And while Sir Jonathan says he "wouldn't be presumptuous enough to come to Australia and tell people how to do things", one lesson emerging from the NHS Programme is the importance of engagement with ultimate end users — clinicians, doctors, nurses and managers — in order to the real goal of change management.
"Whatever system you put in, it will not work in isolation if you don't actually work alongside them to look at their practices and behaviours within the system," he says. "We really are talking about using IT-enabled change management systems, not just using IT to do the things exactly the way we do them today because that's not going to deal with the pressures that all health-care systems are facing, which are pressures of demography as the population gets older, pressures of increasing capability: new drugs, new technology, which is all pretty expensive."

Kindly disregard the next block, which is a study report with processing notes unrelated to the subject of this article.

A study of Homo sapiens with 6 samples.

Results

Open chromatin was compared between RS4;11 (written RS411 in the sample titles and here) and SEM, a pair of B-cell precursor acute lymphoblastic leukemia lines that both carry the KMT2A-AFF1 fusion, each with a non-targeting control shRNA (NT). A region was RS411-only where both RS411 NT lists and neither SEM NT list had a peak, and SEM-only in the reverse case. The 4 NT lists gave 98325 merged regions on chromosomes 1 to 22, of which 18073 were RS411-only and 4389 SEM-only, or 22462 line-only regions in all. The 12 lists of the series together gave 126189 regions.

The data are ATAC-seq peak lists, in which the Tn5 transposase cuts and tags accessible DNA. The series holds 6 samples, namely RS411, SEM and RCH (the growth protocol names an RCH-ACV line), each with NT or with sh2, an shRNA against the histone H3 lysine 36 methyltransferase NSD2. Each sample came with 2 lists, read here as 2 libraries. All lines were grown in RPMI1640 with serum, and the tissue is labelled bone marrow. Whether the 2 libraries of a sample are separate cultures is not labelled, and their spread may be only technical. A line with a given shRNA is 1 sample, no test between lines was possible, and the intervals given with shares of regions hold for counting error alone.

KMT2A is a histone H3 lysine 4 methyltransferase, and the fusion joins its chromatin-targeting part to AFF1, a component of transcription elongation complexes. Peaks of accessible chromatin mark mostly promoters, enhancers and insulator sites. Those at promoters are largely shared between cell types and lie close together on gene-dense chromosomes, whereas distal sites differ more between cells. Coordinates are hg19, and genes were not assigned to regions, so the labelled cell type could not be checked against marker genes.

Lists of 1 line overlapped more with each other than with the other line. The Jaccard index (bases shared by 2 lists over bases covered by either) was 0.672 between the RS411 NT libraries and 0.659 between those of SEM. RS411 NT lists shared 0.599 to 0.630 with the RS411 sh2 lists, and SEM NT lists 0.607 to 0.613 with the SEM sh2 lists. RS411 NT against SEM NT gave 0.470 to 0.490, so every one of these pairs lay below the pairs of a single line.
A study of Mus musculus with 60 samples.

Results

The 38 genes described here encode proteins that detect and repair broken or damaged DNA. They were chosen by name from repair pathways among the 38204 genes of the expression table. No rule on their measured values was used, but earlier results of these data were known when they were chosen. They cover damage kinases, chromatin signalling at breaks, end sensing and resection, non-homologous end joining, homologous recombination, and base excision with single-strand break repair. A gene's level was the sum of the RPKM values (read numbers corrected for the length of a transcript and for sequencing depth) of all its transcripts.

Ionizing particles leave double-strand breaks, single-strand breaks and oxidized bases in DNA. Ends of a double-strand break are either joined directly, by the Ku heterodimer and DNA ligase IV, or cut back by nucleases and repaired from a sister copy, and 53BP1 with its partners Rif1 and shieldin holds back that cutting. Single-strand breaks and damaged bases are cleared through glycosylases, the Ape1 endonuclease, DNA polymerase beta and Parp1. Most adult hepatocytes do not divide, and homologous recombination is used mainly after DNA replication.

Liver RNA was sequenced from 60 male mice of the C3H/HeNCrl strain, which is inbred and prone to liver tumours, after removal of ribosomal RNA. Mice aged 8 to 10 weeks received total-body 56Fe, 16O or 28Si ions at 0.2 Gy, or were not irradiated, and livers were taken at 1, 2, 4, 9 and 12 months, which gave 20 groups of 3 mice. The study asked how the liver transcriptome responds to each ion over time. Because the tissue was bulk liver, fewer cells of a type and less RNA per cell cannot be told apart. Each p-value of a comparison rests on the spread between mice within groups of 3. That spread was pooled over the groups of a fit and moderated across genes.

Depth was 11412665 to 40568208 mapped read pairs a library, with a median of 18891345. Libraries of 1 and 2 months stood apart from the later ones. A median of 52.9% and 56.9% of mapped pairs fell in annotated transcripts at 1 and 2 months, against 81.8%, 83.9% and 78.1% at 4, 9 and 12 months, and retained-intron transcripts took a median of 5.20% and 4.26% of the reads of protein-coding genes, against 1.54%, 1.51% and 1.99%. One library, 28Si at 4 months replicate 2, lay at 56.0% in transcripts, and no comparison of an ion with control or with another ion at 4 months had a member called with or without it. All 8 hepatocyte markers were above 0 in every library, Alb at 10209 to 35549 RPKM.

At the same time he says consumers are not only expecting to be treated more like customers, but are demanding health-care to be delivered in a more open and transparent fashion. Access to the Internet means that when patients go to see the doctor they are often much better informed than they ever were before, and are likely to challenge the doctor if they don't like the answers they are given.
"The whole environment means that in fact, the systems have got to change as well as the processes — not just turning from a hard copy record to an electronic patient record. It's much more than that," Sir Jonathan says.
Other challenges to be met include electronic prescribing, electronic transfer of prescriptions, picture archiving, digital imaging, security and patient confidentiality, he says.